St. Peter’s School celebrates successful physics outreach

5 March 2012

St. Peter’s School in York is celebrating a year of successful physics outreach activities in partnership with the Yorkshire branch of the IOP.

Men infront of rocket car

The long-running Physics Olympics continues to grow, last year attracting 32 schools from across the North of England entering teams of Year 8 pupils.

Events this year involved constructing the highest tower using only jelly babies and spaghetti, building a floating vessel to hold the most marbles, finding the mass of a fluffy duck and placing 10 resistors in order of increasing magnitude. 

In the Fermi Quiz, quantities have to be estimated to the nearest power of 10. 

One question in this year’s quiz was ‘If a golf ball was scaled up in size to be the size of the moon, how deep would the dimples be on this scale?’ (Answer: 10,000 m).

The school’s programme of public lectures is now a regular feature on the IOP calendar. 

Star shaped neon lights

In March of last year, Wing Commander Andy Green O.B.E. gave the lecture on Bloodhound Supersonic Car – the 1000 mph car. 

A full size replica of the car was brought up from Bristol and was on display at the front of the school on the day of the lecture.

In June, Dr. Liz Parvin from the Department of Physics and Astronomy at the Open University delivered a fascinating lecture entitled ‘Xposure! - X-ray imaging from 1895 to the present day’. 

Child looking through a telescope

As well as the history of the X-ray, she also made the audience realise how important Medical Physics is in modern medicine and how many of us experience new technology without questioning how it works or how was it developed.

In October the X-ray theme continued as St. Peter’s hosted the IOP Schools and Colleges Lecture: ‘From X-rays to Antimatter – the science of seeing inside your body’. 

In the two performances of the show, Dr Michael Wilson explained how physicists build machines that do what our eyes cannot – see inside the human body. The show involved hands-on demonstrations and some amazing audio-visual media that captivated the audiences.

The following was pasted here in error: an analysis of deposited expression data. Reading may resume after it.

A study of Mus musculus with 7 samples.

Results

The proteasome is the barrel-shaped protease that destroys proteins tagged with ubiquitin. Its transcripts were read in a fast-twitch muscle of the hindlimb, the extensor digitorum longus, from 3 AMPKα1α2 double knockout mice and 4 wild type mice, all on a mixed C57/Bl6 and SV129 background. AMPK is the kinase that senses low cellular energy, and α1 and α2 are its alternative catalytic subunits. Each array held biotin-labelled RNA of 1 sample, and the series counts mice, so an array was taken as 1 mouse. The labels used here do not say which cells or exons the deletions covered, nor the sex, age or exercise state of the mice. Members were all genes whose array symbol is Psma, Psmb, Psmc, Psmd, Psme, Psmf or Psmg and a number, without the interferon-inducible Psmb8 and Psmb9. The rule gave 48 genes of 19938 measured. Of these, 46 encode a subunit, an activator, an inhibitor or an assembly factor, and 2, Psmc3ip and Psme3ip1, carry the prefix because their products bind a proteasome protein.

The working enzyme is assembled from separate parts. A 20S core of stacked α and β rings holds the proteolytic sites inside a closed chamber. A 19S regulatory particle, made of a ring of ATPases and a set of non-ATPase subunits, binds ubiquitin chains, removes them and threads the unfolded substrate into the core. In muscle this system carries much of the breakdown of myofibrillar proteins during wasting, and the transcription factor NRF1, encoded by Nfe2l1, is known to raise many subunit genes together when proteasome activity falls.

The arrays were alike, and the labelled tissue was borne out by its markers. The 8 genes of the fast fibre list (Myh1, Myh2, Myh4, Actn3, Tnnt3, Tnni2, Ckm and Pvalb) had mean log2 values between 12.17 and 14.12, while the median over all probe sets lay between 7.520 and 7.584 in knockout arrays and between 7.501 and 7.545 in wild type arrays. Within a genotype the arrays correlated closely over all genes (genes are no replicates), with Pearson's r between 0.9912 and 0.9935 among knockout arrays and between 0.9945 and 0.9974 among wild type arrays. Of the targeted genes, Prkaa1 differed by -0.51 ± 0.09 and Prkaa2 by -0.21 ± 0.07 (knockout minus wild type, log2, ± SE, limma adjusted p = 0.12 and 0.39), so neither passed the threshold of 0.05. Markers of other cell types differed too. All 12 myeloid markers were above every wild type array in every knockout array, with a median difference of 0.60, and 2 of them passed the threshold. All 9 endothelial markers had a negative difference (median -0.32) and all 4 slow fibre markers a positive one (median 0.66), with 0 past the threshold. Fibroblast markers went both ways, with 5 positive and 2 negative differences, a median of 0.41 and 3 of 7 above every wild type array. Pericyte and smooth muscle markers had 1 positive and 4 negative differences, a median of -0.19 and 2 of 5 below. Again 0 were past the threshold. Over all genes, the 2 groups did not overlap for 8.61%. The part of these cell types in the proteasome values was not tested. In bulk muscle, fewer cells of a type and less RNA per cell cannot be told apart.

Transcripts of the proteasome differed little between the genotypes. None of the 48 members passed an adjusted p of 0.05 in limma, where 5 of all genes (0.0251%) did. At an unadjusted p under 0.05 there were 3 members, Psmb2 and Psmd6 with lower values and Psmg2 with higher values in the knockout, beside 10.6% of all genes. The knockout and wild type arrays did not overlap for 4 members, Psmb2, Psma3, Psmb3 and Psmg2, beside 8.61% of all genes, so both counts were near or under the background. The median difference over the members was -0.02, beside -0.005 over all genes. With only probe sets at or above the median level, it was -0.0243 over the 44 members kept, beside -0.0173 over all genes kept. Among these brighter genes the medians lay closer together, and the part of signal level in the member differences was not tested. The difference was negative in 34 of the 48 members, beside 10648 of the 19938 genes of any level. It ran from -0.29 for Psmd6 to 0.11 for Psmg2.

The final lecture of 2011 was delivered in November by Professor Brian Foster from Oxford University and Jack Liebeck, the renowned concert violinist, to a full house. 

The lecture, titled ‘Einstein’s Universe’, linked Einstein’s favourite instrument, the violin, with many of the concepts of modern physics that he did so much to found, and was punctuated by interludes of music related to Einstein.

The first lecture of 2012, on March 14, will feature Revd Dr John Polkinghorne speaking on ‘The Friendship of Science and Religion’. Further information and details of the June and November lectures can be found on the branch calendar.

Children catching coloured balls in bags

In addition to this packed lecture programme, the school also hosted Stargazing Live events in January of 2011 and 2012 in conjunction with York University Physics Department and York Astronomical Society. 

The most recent event was a huge success, with a lecture titled ‘Things that go bang in the night’ delivered by Dr Andy Newsam of Liverpool John Moores University to a packed house.

Following the lecture and indeed throughout the evening the 300 to 400 or so people in attendance took advantage of the clear skies to look through the multitude of telescopes brought along by York Astronomical Society. Next year’s Stargazing evening is due to take place on Friday 11 January, 2013 when the guest speaker will be Dr. Chris Lintott.